Posted: May 9, 2014 - 12:50pm
Harrison Dean in the role of Max, portrays a student coming of age in Sacred Hearts, Holy Souls.
Harrison Dean in the role of Max, portrays a student coming of age in Sacred Hearts, Holy Souls.

The Little Rock Film Festival will be filled with new films from across the country, but  many do not know that one film in particular was filmed in our own back yard.

“Sacred Hearts, Holy Souls,” a film by Mark Thiedeman, was filmed partially in Conway and features a host of UCA student actors and aspiring filmmakers. The film follows the life of a young man, Max, in a Catholic school. Battling emotions that are labeled unholy and against God himself. 

“This is a project that was very personal for me; it’s fiction, and a kind of fantasy in some ways, but it’s largely based on experiences I had going to Catholic schools, and it was important to me that the actors were three-dimensional and sympathetic—even Schafer’s malicious bully.  They all nailed it, and I’m very proud of them,” said Thiedeman, “It deals with all my usual themes—traumatic youth, sexuality, religion, loneliness, isolation, etc.—but it packages them into a more kinetic product.” 

“I really loved working on the set because you were treated very professionally by all the cast and crew. Mark’s vision is really good. He sees what he likes and is able to convey that to his actors,” said UCA student, Harrison Trigg.

The filming of “Sacred Hearts, Holy Souls,” found frames in many Arkansas venues.

“We filmed all over: Arkansas School for the Deaf, UCA, Quapaw Quarter Methodist Church, Pizza D," sad Thiedeman.  "It was, as Indie films often are, a hodgepodge of locations designed to look collectively like one space.  Ideally, we would have shot in one location, and we had a couple in mind, but unfortunately, yes, we did have trouble getting access.  I got more no’s on this shoot than any other thus far."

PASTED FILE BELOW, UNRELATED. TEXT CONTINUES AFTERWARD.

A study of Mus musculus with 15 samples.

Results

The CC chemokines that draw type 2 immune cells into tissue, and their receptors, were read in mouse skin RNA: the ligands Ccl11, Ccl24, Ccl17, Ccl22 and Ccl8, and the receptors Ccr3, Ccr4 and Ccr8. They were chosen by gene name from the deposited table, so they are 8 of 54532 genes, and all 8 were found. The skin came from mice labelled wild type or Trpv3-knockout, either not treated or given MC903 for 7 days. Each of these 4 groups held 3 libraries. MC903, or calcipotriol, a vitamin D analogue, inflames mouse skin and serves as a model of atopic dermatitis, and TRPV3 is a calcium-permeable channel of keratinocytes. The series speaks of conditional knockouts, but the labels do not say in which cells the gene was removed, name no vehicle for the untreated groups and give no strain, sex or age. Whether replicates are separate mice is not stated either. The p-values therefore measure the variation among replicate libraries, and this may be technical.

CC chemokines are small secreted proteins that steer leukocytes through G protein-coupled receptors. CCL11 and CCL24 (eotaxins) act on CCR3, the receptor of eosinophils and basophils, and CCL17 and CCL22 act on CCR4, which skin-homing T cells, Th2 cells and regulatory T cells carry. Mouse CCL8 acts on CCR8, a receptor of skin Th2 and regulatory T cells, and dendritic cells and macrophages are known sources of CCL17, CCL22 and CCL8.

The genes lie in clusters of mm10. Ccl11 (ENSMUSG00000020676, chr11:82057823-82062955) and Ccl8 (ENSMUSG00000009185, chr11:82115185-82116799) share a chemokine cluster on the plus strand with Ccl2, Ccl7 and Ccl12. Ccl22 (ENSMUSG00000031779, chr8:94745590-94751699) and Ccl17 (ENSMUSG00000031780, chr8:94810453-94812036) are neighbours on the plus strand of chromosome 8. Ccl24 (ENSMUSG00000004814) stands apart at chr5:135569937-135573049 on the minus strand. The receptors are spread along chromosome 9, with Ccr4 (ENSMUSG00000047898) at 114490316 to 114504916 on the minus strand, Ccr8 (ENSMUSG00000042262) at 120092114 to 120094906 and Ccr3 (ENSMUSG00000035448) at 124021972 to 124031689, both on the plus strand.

The crew spoke to the Catholic Diocese, but was denied access for filming. 

Thiedeman said that although the content of his film is close to home that he hopes it will touch the hearts of many. 

“I hope that it gives people a clear understanding of what life was like for me in high school and what life is like for so many bullied kids across America, and that they’ll root for Max, our hero, and want to get to know him,” said Thiedeman. 

The cast was made up mostly of University of Central Arkansas students. The three leads, Harrison Tanner Dean, Quinn Gasaway, and Schafer Bourne, have background in the theatrical arts. Gasaway, from North Little Rock, played Andy, the focus of Max’s affection in the film. 

“The three lead boys all have a background in theater, and they’re very smart actors, very humble, and very open to experimentation.  They also have different styles of acting that really bounced well off each other,” said Thiedeman. 

The hard work and dedication of the entire cast and crew did not go unnoticed by Thiedeman. 

“The entire cast and crew for “Sacred Hearts Holy Souls should be spotlighted, and I’m really lucky to have a supportive team that has been building over the years and to have added some new faces to the mix," he said.  "This is the biggest cast and crew I’ve ever worked with, and everyone did an excellent job, but in particular, I’d say that my producers, Elizabeth Strandberg and Tony Taylor, went out of their way to make sure the project ran smoothly and efficiently, and it really did.  They were lifesavers; they both worked very hard, and were completely dedicated to the film.  And, as always, my longtime photographer David Goodman, who I went to NYU with and who has shot four of my films now, is an integral part of the film."

Thiedeman continues to spotlight others, such as Keith Hudson, a UCA film student, for his continued support of past films including “Sacred Hearts, Holy Souls.” Hudson acted as camera assistant and fight coordinator.

“[Hudson] is, simply put, one of the hardest working college students I know, and his work ethic is always impressive to me,” said Thiedeman. 

The film will be presented at the Little Rock Film Festival on May 14 at 7 p.m. in the REP. 

For a complete listing of films at the Little Rock Film Festival, visit thelittlerockfilmfestival.org.